Technology, integration of it and fulfilling ones needs are often quite different. That is the case with the GoPro Hero +3 Black that I had purchased a month ago.

I read all of the reports and it seemed that the GoPro Black was the top pick by everyone, including motorcycle reviewers. However, I think that the criteria used for evaluation may have being the problem and it is what led me down an expensive road with and expensive learning curve. Sure the GoPro is an awesome camera and great for hiking, surfing and the such where there is no power source. But on a motorcycle we have a power source that should utilized.

I was able to return all of the GoPro accessories and camera at Henry’s Photo but they charged a 20% re-stocking fee (over $ 100.00 lesson). I guess you could say that I sure got learned…

My Criteria for a Motorcycle

Let me list the criteria that is important to me and most likely to many other motorcyclist.

  1. The camera must be powered like a GPS and be in a constant ready position (turned on) to capture those special moments during a ride. A 2-3 hour battery life just does not cut the mustard! Stopping to change batteries is not a solution either. I ride hours at a time.
  2. The equipment must be waterproof from the rain.
  3. The camera must positioned outward from the motorcycle to capture the road (usually not reachable while riding) but be controlled by a remote close to the driver’s hand (fingers) such as on the handlebar somewhere reachable.
  4. The camera should be able to have a SD card large enough to capture video and pictures for the complete ride
  5. The picture and video quality should be acceptable for YouTube’s and to today’s accepted HD standards.
  6. The camera should be from a known manufacturer and supported by a reachable support staff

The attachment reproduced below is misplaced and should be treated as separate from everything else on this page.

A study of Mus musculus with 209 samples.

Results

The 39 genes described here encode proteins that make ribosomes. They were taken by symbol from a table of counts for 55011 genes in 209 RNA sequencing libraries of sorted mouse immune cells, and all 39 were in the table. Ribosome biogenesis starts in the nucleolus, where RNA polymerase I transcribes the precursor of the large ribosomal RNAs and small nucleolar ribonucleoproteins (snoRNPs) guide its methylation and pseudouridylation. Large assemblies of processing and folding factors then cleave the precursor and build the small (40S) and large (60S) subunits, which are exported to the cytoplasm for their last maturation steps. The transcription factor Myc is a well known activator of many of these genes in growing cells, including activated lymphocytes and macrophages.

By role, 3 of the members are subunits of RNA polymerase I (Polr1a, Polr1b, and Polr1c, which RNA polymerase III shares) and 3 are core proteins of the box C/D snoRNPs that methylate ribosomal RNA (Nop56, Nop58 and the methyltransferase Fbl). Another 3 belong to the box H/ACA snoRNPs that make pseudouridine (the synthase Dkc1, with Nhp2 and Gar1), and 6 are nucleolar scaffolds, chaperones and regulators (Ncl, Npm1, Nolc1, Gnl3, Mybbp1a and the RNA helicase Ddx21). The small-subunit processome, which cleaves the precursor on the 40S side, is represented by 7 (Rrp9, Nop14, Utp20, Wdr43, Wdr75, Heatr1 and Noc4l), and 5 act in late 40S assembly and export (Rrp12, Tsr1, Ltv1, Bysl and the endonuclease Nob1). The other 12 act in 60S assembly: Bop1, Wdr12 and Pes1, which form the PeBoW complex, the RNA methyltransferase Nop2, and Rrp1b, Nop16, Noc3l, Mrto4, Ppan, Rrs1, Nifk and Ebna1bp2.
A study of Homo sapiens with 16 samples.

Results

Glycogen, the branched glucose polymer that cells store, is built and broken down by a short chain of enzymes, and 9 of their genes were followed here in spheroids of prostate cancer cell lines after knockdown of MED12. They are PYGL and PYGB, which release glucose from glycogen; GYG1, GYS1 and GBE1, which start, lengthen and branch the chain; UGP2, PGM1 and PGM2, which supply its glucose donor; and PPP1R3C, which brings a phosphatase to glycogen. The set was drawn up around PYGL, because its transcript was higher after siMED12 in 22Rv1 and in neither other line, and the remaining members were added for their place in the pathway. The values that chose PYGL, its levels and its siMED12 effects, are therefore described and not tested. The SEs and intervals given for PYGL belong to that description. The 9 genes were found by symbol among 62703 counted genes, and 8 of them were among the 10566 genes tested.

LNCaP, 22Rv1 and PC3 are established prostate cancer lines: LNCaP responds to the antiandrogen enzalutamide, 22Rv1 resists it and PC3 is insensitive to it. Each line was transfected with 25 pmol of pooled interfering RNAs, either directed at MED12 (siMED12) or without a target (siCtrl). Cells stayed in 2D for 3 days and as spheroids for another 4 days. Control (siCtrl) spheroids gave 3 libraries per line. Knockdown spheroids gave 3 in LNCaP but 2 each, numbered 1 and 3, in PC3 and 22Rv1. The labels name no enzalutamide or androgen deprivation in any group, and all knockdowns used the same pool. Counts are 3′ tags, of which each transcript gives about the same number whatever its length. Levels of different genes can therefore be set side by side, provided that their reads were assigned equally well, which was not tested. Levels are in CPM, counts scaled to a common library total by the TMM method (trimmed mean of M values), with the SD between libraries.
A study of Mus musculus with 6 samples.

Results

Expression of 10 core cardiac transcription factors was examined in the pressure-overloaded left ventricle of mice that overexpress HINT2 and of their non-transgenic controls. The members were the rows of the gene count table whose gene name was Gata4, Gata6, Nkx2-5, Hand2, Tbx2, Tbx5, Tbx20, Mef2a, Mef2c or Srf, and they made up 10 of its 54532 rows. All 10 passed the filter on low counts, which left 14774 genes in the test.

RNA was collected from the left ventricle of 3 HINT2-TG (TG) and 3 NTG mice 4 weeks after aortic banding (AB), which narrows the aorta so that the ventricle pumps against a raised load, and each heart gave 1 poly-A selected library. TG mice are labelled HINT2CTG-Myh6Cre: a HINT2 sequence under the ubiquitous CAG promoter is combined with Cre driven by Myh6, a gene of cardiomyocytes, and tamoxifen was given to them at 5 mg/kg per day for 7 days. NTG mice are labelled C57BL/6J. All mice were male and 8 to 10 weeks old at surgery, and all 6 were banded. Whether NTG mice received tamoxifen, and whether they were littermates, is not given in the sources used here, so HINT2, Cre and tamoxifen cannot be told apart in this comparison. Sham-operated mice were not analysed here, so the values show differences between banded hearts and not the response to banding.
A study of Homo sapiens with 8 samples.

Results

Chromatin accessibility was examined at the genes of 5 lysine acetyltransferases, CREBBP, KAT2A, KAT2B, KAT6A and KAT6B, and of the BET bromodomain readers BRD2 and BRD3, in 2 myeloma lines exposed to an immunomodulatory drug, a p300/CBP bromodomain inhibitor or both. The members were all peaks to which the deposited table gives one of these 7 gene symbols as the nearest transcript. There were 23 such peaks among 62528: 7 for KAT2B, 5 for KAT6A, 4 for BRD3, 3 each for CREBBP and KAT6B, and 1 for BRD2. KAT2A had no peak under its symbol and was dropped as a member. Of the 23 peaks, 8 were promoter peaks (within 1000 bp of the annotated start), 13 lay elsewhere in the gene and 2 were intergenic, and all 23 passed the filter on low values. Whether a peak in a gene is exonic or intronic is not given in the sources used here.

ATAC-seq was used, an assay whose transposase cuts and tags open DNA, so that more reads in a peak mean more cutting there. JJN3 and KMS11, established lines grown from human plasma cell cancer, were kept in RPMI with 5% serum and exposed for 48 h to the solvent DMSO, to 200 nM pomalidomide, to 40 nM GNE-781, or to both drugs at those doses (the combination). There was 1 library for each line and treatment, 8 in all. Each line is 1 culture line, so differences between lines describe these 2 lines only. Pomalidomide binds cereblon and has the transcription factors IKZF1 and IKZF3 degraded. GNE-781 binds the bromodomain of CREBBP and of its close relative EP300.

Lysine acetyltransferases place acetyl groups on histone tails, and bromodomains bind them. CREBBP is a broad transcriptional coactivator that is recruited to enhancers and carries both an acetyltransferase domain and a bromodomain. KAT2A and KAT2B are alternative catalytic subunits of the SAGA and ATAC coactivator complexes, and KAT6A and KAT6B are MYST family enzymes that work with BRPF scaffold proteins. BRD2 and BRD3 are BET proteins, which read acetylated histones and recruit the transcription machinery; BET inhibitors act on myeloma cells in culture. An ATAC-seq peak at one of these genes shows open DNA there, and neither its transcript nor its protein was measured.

The GoPro that Didn’t Go

The camera does not meet criteria 1 and 2 and also barely met criteria 2 and 3.

I mounted the GoPro on the right side using a ram mount attached to my mirror arm and I mounted the GoPro WIFI controller on the opposite mirror arm so I could control the camera with my left index finger. I connected a power USD mini plug and wired it from the USB accessory plug to the GoPro.


  • The GoPro would only accept the USB Mini Plug using the additional battery add-on and the open back so the USB plug could be attached. Therefore, this set-up would not work in the rain. If I were to make a hole in the plastic camera case and seal it, I would not be able to remove the GoPro from the case.
  • Ok, so lets assume we use battery for rainy days and we most likely do not want pictures in the rain anyhow. The next issue is that the camera goes into a charging mode and when it is in a charging mode it will not accept WiFi commands and you cannot take pictures. So all my ingenious wiring was for not…
  • The WiFi remote only maintains a charge for a few hours and could not be hooked up with a permanent connection.

The Garmin Solution – VIRB Elite

  • I use a Garmin 390L motorcycle GPS that is wired into the bike for permanent power.
  • The VIRB Elite can be controlled by the Garmin that is just left of my left hand (perfect). I got a great deal on the VIRB at GPS City. I got the All black edition to keep with the all black theme of my CTX700N. Note that you must update to the latest software when you purchase the VIRB in order to allow it to operate while charging.
  • I ordered a Mini USB to Battery Harness (I will posi-tap to accessories) that is water-proof and comes with a Garmin PPC-024 adapter specific for Garmin devices. You can order one at Motorcycle Innovations.
  • For extra protection on the USB mini plug, I plan to use a little Permatex Dielectric Grease every once and a while to totally prevent rust.
  • The Garmin communicates with the VIRB using a technology called “ant”. The ant communication will not conflict or interfere with the blue tooth and therefore will continue providing me with street by street instructions on a route through Bluetooth to my Scala G9x in my helmet while allowing me to control the camera.
  • The VIRB is naturally waterproof without a casing to IPX7 which I am told is 100% rainproof. They told me not to submerge it too deep in water. I tried to explain to them that if the camera is submerged in water so will my GPS, Bike, Luggage and of course, me! So I am not too concerned about submerging.
  • So what I have now is a camera that takes acceptable photographs and video that will be on my motorcycle and ready to go throughout my ride with no limitations, rain or shine. Thank you Garmin for yet another Great Product!


I will be installing the VIRB this weekend and will add photos.